The first of the six lessons is: Respond to wakeup calls in life
My life thus far has been full of wakeup calls. To me a wake-up call is an interruption in state. Wikipedia defines it as “an event that brings about a sudden realization.” What we do after that is our choice. There have been times I have woken up after a wake-up call, and there have been times I have snoozed. Every wake-up call in my life, figurative or literal, has had a purpose, and it has always been up to me to figure that purpose out.
This morning when the alarm went off at 4:30 a.m., I had to make a choice: do I somehow get myself out of bed and get ready to go to the gym, or do I snooze and go back to sleep. However loud the wake-up call is, we individually make the decision on whether we will wake up or not.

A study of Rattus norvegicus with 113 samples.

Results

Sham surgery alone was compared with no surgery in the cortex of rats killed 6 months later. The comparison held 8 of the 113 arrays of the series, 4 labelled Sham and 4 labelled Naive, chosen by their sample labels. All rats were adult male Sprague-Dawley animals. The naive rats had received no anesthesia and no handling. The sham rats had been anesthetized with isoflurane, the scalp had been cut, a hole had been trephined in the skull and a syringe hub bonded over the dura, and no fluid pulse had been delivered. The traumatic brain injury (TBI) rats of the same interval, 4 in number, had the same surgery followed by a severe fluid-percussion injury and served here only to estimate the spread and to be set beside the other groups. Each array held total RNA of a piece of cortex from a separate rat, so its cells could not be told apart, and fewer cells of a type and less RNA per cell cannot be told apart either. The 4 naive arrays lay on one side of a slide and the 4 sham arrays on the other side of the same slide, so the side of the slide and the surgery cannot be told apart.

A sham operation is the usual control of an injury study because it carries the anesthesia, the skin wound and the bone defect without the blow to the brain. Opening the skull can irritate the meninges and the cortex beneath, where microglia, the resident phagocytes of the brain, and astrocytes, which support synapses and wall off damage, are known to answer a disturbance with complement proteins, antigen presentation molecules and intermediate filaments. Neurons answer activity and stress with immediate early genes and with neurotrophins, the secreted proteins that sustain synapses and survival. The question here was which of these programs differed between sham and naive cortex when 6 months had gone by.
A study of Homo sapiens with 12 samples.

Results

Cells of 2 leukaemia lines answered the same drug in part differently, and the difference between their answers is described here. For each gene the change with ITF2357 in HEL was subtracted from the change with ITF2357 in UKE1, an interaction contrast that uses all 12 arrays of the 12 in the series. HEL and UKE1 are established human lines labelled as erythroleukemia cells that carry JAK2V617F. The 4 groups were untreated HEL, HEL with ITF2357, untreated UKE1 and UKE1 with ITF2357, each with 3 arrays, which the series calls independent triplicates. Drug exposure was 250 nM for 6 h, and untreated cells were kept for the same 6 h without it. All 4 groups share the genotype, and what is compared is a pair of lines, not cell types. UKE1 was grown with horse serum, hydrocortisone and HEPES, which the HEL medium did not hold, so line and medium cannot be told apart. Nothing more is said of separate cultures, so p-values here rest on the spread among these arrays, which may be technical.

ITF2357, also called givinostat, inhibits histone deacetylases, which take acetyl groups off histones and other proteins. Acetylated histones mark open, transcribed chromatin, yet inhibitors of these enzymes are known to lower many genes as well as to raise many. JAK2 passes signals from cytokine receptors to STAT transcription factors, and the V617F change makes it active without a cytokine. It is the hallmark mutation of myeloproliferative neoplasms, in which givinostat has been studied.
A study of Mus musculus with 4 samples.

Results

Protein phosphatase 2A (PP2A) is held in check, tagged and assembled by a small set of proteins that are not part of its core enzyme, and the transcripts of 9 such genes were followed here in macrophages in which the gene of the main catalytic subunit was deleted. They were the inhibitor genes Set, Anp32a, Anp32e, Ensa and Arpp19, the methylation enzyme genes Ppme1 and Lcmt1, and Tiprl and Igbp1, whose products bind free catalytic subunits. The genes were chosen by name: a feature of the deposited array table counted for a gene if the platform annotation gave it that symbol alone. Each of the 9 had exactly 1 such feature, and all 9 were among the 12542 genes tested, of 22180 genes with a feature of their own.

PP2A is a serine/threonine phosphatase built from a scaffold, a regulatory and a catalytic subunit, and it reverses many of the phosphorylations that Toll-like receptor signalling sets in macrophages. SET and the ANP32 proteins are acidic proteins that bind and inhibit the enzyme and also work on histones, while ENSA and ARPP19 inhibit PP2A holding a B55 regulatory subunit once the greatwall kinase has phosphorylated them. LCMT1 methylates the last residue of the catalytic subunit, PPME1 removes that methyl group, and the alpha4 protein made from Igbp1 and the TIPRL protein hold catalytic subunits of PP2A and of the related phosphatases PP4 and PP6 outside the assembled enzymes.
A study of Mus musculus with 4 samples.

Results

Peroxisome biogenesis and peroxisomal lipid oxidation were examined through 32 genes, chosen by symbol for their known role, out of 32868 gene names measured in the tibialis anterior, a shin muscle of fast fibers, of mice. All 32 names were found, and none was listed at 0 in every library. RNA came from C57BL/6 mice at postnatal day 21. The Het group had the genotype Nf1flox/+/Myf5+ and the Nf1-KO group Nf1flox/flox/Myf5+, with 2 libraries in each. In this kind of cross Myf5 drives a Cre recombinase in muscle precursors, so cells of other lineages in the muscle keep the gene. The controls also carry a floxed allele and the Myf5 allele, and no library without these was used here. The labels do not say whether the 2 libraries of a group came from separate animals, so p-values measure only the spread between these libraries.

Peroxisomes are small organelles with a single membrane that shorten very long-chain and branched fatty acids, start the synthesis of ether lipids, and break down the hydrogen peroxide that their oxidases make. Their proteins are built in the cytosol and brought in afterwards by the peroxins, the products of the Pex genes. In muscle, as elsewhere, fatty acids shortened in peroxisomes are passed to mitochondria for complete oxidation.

I feel wakeup calls come to us in our relationships too. They come in the form of events that make us think, challenges that bring us down to our knees, cry for help from our near and dear ones, or other events. When the wakeup events come in, they shake the very existence of our life. But not always do we respond to the wake-up call. Many a time we just close our eyes and wait for the intensity of the pain to be over, so that we can go back to sleep.
My life’s worst wakeup call came on the day after 9-11 when my eight year old daughter told me that I did not know her. She was right. It was one of those shattering moments where I could not deal with reality anymore. I was forced to wake up and try to change my life.
When you wake up, normally your immediate response is that of regret for not staying in your previous, status-quo state. Life was more comfortable and easier before you woke up. But if you are one who measures life by no-regrets, waking up is one of the sure ways to minimize the biggest kinds of regrets in life.